Indoor air quality (IAQ) data provides valuable insights into the quality of the air within a building, which can have a significant impact on the health, comfort, and productivity of occupants. But it can be hard to translate the data into insights that will make a difference.


This article will run through some of the ways IAQ data can help you manage your building.


How to collect IAQ data

If your building is not equipped with sensors and other data collection devices, you can hire an indoor air quality professional (like ours) to conduct an assessment of your building's air quality. They will use specialised equipment to measure levels of pollutants such as carbon dioxide (CO2), particulate matter (PMx) and volatile organic compounds (VOCs) as well as temperature and humidity for indoor environmental quality (IEQ) levels.


The most useful way to obtain long-term data is through regular monitoring, which is why it’s recommended to install various sensors and monitoring systems that can link up to your building management system (BMS). However, any data collection is better than no data at all. 


Once you have your IAQ data, it can be used in several ways to improve indoor environments and overall well-being. 


Occupant health and comfort

IAQ data can help identify potential health risks associated with poor air quality, such as respiratory issues, allergies and other health concerns.


Monitoring data allows building managers to take prompt action in response to poor IAQ, reducing the likelihood of health issues among occupants. Proper ventilation and control of pollutants based on IAQ data can contribute to a more comfortable and productive environment.


Ventilation optimisation

CO2 levels are often used as an indicator of ventilation effectiveness. IAQ data will usually include CO2 levels, and can help let you know when to fine-tune ventilation systems to ensure an adequate supply of fresh air and prevent stuffy or stale air conditions.


Pollution source identification

IAQ data can help identify the sources of indoor pollutants. By analysing pollutant levels and correlating them with activities or events, you can pinpoint potential pollution sources and take corrective actions.


HVAC system performance

Monitoring IAQ data can provide insights into the performance of HVAC systems. If your IAQ deteriorates despite proper ventilation, it could indicate issues with filters, coils or other system components that need maintenance. Our MaintainAway solution remotely monitors all the key components of an HVAC system so you can remediate only what is necessary, without wasting energy and time on other components and disparate areas of the building.


Energy efficiency

IAQ data can be used to optimise energy consumption. By adjusting ventilation rates based on occupancy and indoor air quality, energy waste due to over-ventilation can be minimised.


Learn more about energy efficiency in our article on how to save energy in your workplace.


Compliance and certifications

For commercial buildings, IAQ data can be crucial for demonstrating compliance with regulations and certifications related to indoor environmental quality, such as LEED (Leadership in Energy and Environmental Design) and AirRated.


Building management systems (BMS) integrations

You can integrate IAQ data collection and analysis into building management systems. It enables real-time monitoring and control of HVAC systems based on IAQ conditions. Instant alerts from sensors can help building managers identify areas that require improvement and take necessary actions to maintain healthy indoor air quality.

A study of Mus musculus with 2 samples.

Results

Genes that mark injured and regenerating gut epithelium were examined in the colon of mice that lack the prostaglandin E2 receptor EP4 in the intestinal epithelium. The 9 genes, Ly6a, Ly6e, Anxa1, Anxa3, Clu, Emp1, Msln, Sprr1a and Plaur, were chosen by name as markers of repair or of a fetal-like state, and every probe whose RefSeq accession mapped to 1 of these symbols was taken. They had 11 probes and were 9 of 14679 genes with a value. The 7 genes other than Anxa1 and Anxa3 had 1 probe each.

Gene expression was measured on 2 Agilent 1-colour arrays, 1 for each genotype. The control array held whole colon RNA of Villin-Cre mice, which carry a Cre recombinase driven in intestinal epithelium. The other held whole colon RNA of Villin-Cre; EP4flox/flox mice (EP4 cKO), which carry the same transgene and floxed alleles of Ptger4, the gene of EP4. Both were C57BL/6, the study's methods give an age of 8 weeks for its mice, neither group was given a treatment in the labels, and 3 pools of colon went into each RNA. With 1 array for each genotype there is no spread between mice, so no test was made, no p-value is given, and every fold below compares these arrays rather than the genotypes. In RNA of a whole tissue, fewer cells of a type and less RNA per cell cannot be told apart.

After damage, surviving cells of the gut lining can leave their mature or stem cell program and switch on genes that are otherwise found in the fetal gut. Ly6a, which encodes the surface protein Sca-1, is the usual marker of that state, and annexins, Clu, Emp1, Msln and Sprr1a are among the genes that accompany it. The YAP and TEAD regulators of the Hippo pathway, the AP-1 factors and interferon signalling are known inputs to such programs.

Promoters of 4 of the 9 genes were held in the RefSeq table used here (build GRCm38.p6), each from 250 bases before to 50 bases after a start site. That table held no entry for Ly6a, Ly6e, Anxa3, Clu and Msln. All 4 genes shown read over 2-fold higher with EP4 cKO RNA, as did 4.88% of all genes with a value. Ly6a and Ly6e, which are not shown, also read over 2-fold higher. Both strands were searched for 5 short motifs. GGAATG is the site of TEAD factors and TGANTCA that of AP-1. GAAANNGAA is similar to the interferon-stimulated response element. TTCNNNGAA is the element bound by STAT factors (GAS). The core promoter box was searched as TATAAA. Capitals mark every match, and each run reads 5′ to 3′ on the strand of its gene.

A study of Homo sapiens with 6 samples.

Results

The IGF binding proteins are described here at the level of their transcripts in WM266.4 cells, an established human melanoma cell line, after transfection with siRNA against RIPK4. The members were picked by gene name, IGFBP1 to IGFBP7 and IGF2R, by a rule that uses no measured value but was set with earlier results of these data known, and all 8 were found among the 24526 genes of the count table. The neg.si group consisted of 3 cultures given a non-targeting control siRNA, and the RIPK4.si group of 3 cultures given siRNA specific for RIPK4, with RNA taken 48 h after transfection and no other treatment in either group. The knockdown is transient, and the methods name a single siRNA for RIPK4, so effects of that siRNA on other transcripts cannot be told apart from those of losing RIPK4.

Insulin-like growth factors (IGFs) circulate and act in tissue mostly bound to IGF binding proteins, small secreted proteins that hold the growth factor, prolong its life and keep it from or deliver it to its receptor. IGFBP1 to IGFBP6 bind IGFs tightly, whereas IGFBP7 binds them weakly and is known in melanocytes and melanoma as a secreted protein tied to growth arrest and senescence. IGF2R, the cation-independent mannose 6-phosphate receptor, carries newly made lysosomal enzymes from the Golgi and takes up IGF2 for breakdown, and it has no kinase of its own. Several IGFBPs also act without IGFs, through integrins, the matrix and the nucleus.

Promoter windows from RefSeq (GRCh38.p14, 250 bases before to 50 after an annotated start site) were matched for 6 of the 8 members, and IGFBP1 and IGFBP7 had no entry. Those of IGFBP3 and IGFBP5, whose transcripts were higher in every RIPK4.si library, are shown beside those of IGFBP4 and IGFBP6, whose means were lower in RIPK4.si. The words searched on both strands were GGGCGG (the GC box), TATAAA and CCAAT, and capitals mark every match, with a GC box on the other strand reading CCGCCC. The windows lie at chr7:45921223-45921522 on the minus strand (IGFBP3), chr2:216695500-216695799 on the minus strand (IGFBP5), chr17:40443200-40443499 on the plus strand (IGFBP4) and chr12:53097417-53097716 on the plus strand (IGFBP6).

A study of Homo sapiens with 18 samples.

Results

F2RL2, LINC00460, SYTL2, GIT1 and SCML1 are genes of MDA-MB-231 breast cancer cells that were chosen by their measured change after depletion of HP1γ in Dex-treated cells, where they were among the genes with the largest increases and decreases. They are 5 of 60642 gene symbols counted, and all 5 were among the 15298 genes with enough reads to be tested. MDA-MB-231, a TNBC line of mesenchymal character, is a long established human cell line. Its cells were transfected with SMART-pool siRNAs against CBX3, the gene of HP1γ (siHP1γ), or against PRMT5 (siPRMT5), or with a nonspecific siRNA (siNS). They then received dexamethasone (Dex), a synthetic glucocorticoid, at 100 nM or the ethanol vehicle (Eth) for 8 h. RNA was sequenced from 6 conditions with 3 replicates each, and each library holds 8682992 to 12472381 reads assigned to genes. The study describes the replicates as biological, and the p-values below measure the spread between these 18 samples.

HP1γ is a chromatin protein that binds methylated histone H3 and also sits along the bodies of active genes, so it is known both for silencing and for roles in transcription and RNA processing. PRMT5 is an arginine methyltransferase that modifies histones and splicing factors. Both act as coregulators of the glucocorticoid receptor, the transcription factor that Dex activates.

This can lead to improved occupant comfort and productivity, avoids costly repairs and maintenance down the line, while the higher reaction speed helps stay compliant.


Alerts and notifications

IAQ data systems can trigger alerts and notifications to building managers when certain thresholds are exceeded, allowing for a quick response to potential IAQ issues. For example, a high concentration of CO2 in one part of an office could indicate a malfunction in the ventilation. Alerts can be easily configured in an IAQ analytics platform.


Long-term trend analysis

By collecting IAQ data over time, trends in air quality can be identified. This information can guide long-term planning and improvements to building design and operations.


For example, if IAQ data shows that CO2 levels consistently rise during certain times of day, building managers may need to adjust ventilation settings or schedule more frequent air filter replacements. Similarly, if humidity levels are consistently high in certain areas of the building, building managers may need to address moisture issues or adjust HVAC settings.


Occupant education and engagement

Sharing IAQ data with building occupants can raise awareness about indoor air quality and encourage behaviours that contribute to better air quality, such as proper ventilation and avoiding pollutant sources.


IAQ data can be displayed on building performance dashboards to provide occupants with real-time feedback on indoor air quality and promote behaviour change. They can also be used to display energy consumption data and other sustainability metrics.


Research and studies

Your IAQ data can go further than your building, helping the industry and government improve air quality guidelines. Aggregated IAQ data can contribute to scientific research and studies that aim to understand the relationship between indoor air quality, human health and building design.


IAQ data is a valuable tool for understanding and improving the quality of indoor environments. Properly utilising IAQ data can lead to healthier, more comfortable spaces, increased energy efficiency, and better overall building performance.


Our IAQ specialists are always on hand to answer any questions you may have about IAQ data collection and assessment. Get in touch for a chat.